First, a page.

Last week, the Parks Department announced that they had recently unearthed 2,924 color slides from 1978. The slides were forgotten and hadn’t been seen in 40 years, but upon their rediscovery they were immediately celebrated with a selection printed in the NY Times over the weekend. The Parks Department has also shared some of these gems with us, and you can click through for more of these vibrant images from New York City’s past.
The photos were taken during the city’s 88-day newspaper strike, when Parks had hired eight New York Times photographers to document parks around the city.
Of the nearly three thousand slides, 60 have now been selected and mounted for an upcoming exhibition, titled 1978: The NYC Parks/New York Times Photo Project, running from May 3rd through June 14th at Central Park’s Arsenal Gallery (830 Fifth Avenue).
“I repeatedly looked at all 2,924 color slides, hoping to select a representative sampling [for the exhibit] that revealed the parks in their totality at that particular moment in time,” said NYC Parks Director of Art & Antiquities, Jonathan Kuhn. “I was interested in pictures that tell layered stories, that are well composed artistically, and not just documentary. The show is not intended to be nostalgic. It demonstrates that even in a time of fiscal hardship and distress to our parks that people of all walks of life engaged and came together in our parks, as they still do.”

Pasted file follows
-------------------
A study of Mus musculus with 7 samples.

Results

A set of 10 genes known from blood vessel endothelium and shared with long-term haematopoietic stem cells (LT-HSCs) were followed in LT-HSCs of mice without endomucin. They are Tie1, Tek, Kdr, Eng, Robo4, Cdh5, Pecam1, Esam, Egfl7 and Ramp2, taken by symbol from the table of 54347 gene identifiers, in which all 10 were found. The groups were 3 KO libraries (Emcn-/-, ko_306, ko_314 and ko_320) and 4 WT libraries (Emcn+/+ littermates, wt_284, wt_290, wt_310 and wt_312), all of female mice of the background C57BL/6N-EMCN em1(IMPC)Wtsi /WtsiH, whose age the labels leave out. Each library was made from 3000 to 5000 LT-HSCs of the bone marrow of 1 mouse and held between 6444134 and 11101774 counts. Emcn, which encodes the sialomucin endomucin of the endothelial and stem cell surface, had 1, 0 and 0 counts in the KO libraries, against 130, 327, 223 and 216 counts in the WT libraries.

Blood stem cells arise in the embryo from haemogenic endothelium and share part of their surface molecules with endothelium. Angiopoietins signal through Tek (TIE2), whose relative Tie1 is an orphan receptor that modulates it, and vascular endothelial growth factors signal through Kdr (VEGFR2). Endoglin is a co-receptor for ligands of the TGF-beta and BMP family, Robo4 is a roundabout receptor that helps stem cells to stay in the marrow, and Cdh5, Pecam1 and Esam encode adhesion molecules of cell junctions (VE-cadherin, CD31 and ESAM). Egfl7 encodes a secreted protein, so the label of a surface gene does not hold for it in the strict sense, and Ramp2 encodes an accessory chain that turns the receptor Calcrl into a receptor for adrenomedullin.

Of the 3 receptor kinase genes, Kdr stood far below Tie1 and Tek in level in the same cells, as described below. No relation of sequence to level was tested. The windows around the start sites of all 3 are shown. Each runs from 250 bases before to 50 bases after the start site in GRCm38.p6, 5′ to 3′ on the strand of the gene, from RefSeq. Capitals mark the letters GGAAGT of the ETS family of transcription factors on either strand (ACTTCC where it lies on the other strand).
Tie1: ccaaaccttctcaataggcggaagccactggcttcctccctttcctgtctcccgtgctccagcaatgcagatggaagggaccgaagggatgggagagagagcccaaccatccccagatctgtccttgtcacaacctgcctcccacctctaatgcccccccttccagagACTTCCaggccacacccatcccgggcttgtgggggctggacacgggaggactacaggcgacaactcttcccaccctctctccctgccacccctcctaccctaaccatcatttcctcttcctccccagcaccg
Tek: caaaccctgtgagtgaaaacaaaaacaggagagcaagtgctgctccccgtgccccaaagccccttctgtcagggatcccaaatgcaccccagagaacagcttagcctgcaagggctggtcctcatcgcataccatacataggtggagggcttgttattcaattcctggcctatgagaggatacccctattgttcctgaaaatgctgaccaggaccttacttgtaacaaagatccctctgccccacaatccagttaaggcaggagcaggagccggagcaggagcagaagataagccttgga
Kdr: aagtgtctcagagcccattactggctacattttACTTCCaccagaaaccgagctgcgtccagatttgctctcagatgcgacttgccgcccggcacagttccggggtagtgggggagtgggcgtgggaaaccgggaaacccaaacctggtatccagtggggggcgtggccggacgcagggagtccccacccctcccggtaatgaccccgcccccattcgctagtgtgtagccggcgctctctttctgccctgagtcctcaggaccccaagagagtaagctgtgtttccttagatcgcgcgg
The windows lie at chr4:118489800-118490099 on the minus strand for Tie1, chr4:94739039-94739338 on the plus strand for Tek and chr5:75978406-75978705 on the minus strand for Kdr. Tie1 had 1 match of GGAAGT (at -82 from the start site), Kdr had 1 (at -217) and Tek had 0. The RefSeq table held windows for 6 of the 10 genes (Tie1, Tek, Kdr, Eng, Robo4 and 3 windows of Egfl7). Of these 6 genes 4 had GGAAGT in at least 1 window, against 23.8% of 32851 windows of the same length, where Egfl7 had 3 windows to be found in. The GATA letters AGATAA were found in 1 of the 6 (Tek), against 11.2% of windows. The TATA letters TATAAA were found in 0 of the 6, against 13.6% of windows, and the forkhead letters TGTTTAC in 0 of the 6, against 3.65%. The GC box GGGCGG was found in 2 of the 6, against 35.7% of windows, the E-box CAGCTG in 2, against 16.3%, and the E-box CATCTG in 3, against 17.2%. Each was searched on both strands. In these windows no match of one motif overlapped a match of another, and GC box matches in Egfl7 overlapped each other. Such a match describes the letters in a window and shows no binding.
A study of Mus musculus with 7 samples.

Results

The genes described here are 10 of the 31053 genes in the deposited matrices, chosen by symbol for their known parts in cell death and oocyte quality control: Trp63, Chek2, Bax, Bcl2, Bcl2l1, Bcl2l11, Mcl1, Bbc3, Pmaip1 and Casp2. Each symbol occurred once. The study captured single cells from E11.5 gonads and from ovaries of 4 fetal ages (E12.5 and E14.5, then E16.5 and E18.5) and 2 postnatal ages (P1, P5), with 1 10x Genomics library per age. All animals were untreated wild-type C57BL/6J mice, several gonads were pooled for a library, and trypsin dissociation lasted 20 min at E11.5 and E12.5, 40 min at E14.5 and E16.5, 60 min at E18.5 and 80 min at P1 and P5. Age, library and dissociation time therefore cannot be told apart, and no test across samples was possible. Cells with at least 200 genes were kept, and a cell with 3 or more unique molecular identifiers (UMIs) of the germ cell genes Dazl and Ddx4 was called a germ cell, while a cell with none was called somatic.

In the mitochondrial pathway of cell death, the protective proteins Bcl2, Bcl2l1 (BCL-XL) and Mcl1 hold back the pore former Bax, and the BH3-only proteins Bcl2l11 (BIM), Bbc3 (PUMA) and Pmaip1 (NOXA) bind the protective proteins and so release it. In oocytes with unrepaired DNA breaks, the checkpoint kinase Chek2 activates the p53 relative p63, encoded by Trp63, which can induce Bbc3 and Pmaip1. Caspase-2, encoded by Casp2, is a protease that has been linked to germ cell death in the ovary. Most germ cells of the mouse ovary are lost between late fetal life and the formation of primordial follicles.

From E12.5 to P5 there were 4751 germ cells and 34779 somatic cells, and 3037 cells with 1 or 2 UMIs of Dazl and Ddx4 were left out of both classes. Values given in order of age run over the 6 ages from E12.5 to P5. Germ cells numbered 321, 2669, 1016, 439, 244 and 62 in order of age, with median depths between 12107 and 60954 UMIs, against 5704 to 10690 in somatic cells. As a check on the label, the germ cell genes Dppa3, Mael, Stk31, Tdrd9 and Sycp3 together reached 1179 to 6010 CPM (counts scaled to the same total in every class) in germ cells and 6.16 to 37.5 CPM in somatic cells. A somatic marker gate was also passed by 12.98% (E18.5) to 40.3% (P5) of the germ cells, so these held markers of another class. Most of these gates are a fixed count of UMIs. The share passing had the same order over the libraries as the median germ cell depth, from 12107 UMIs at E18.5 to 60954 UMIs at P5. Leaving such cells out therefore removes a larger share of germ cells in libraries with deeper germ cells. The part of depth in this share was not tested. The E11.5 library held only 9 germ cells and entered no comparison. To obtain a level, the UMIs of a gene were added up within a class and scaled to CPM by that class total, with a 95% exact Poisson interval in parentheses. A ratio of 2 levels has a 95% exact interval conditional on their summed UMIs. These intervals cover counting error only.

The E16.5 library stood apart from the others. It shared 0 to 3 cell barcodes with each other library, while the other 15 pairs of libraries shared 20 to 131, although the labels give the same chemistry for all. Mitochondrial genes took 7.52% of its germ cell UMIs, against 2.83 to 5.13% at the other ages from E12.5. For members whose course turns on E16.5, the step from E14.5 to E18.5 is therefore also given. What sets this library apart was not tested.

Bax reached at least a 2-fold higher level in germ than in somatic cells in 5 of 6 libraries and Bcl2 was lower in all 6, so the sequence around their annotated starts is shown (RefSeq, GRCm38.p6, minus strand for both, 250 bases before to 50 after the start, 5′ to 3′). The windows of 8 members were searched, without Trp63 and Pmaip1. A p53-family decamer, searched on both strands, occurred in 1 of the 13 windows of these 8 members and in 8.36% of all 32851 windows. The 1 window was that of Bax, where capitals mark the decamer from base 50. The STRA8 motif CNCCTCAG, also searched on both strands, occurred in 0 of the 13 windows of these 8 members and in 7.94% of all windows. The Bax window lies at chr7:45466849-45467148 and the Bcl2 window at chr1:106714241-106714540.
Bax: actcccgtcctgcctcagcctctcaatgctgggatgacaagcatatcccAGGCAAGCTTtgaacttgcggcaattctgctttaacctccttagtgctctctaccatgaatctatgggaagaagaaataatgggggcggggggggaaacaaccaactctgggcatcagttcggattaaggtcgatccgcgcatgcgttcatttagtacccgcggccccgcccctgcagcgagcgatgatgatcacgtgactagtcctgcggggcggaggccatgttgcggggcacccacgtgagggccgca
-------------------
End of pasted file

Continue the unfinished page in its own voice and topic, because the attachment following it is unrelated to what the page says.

Kuhn added, “Parks maintains an extensive photo archive from the 1860s to now, of images taken by staff photographers, or on contract to Parks. One of the distinctions of the 1978 body of work, is that activities are NOT posed and the pictures don’t have the feel of official images (unlike ribbon cuttings, etc.). There is a sense that you are viewing life as it is happening.”
“The photos are absolutely unreal,” Parks’ Maeri Ferguson told Gothamist. We agree.